I have always considered photography as a technical innovation and not as art, much like I don’t consider NASCAR as sport, just driving around in a circle. Until I actually tried photography as a serious hobby, my disdain for the “Photographic Arts” was palpable. I thoroughly researched the best cameras, film, lenses, and even read several publications dedicated to photography. In the almost five years I tried making great photographs I may have had one success out of thousands of tries.
Obviously photography as art is much harder and more difficult than it seems on the surface. Obviously photography can be used to great purpose, or to great propaganda, or to great result. Dorthea Lange (1996-1965) utilized her camera and her skills to document the American condition primarily documenting the human condition prior to World War II. Lange did not consider herself to be an artist, but a simple documentarian of the people who found themselves to be victims.
This is a picture of Dorthea Lange was taken prior to WWII in California in 1936. This picture is entitled, “Ditched, Stalled, and Stranded,” and was taken in the San Joaquin Valley of California in 1935. This study of the human condition has to speak to you. In totality is just a picture of a guy in his vehicle. However, when you look at how the man fills the frame with his presence and the blank look of desperation on his face you begin to feel the genius of Dorthea Lange.
Notice the raggedy top of the vehicle along with the simple coarseness of the clothing and the rough skin on this man’s hands and you feel the impact of this simple but powerful human study. Three months after the attack of Pearl Harbor by the Japanese, President Roosevelt ordered the Japanese population of the United States relocated into armed camps in the western United States. This process began one of the least proud moments in American History. Shortly thereafter, Dorthea Lange was hired by the War Relocation Authority to photograph Japanese neighborhoods and the camp facilities.
I have always wondered why a government of any kind would seek to document their atrocities, but that is precisely what this government attempted to do with Dorthea Lange who found herself often at odds philosophically with her employer. If you didn’t know the sinister nature of this photograph, one would assume that this is a kid perhaps preparing to go on a long journey perhaps even to summer camp. As you consider the photograph more closely which is entitled “Salute to Innocence,” you understand that this young boy has far too many belongings just to be his.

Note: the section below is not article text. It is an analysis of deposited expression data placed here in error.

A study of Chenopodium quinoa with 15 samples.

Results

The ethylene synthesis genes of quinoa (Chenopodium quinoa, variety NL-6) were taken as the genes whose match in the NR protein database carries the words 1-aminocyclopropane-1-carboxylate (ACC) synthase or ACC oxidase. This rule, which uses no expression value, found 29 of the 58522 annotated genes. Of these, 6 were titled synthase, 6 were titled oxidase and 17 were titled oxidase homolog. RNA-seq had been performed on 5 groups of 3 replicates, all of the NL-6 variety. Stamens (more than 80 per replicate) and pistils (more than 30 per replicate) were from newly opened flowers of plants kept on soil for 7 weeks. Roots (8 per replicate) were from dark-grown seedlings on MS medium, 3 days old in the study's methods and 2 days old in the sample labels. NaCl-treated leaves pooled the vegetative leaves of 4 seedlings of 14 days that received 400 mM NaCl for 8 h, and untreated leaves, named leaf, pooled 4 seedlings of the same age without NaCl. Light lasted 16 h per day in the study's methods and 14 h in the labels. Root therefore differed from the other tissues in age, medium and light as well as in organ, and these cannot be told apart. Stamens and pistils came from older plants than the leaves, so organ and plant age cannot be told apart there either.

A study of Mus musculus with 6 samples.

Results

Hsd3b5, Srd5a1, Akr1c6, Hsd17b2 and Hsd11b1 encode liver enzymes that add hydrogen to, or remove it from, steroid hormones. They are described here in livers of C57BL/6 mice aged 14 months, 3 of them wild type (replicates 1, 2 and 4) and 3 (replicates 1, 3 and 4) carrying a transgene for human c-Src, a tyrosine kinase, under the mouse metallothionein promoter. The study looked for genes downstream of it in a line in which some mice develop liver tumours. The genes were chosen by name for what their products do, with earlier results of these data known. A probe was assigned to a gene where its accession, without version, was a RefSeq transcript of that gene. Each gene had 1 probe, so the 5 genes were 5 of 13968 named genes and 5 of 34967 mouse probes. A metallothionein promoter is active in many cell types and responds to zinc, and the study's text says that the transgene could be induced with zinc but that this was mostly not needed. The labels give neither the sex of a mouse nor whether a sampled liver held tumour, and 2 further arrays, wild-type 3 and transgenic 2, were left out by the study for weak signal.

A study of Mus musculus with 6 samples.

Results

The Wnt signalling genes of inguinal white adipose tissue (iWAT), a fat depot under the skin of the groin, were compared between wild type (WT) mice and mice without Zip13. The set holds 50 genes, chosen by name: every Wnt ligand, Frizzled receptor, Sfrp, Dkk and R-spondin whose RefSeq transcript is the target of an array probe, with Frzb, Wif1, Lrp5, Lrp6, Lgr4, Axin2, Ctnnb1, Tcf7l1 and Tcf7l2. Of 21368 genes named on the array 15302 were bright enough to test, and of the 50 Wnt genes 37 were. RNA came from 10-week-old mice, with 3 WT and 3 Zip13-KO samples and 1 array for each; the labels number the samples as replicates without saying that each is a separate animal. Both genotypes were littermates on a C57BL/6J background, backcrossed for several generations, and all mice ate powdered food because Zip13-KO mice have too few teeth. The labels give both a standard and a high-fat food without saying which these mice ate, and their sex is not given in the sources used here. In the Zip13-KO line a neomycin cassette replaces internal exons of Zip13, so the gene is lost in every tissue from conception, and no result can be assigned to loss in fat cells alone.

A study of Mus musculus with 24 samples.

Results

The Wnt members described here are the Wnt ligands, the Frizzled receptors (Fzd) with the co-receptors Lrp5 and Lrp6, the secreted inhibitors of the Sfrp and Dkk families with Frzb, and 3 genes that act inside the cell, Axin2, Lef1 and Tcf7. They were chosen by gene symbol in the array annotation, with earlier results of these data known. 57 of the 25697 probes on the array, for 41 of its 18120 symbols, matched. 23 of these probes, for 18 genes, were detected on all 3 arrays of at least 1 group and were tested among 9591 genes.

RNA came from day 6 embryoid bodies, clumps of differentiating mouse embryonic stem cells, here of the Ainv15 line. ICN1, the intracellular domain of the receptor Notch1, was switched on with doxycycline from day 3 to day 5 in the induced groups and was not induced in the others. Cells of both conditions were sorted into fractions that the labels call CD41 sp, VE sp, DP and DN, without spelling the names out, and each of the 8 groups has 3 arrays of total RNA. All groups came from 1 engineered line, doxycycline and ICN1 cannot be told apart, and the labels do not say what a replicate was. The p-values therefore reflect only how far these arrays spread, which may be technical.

Further, upon closer examination you realize that this young boy is oriental and that he seems somewhat lost and is impatiently looking and waiting for someone to return, perhaps the rest of his family with even more personal possessions, on their way to the internment camps. The use of lighting and shadow along with the young boy’s silhouette add to the drama of this picture. Lange’s poignant picture of these young girls in a pose reminiscent of our school days when we daily recited to Pledge of Allegiance shows once again the powerful nature of Lange’s photography.
Notice how well the young Japanese girls are dressed and how they smile while uttering their personal Pledge of Allegiance. Allegiance to a nation that considered them to be capable of subverting the country just because of their heritage and their parents desire to be free and provide their children with the American Promise. Frankly this image brings tears to my eyes when I consider the inhumanity this country was freely willing to dispense with virtually no compassion.
This brilliant simple photograph makes the viewer want to know what happened to these smiling children. What were their lives like during and after the war? How do they feel now about this most dark chapter in America? Finally, this picture of Japanese-Americans dressed in their finest awaiting deportation from the familiar, their homes, their surroundings, their neighbors, and their neighborhoods. Every one of us has at one time gone from the familiar to the uncertain, which shows on the faces of these victims which evokes the pain and uncertainty of this situation.
Notice the anxious looks and the neatly tied bundles of personal belongings along with luggage of every type as these people are herded into their uncertain future. This photo-study of situation documents the brilliance of Lange and shows her compassion which often resulted in her disillusionment with her employer. Lange’s body of work is all about the human condition in America. Can you imagine living in a country where people just don’t care; I cannot. Dorthea Lange’s documentation has the effect of rubbing our noses in our mess and her powerful images make this author want to help clean up our messes.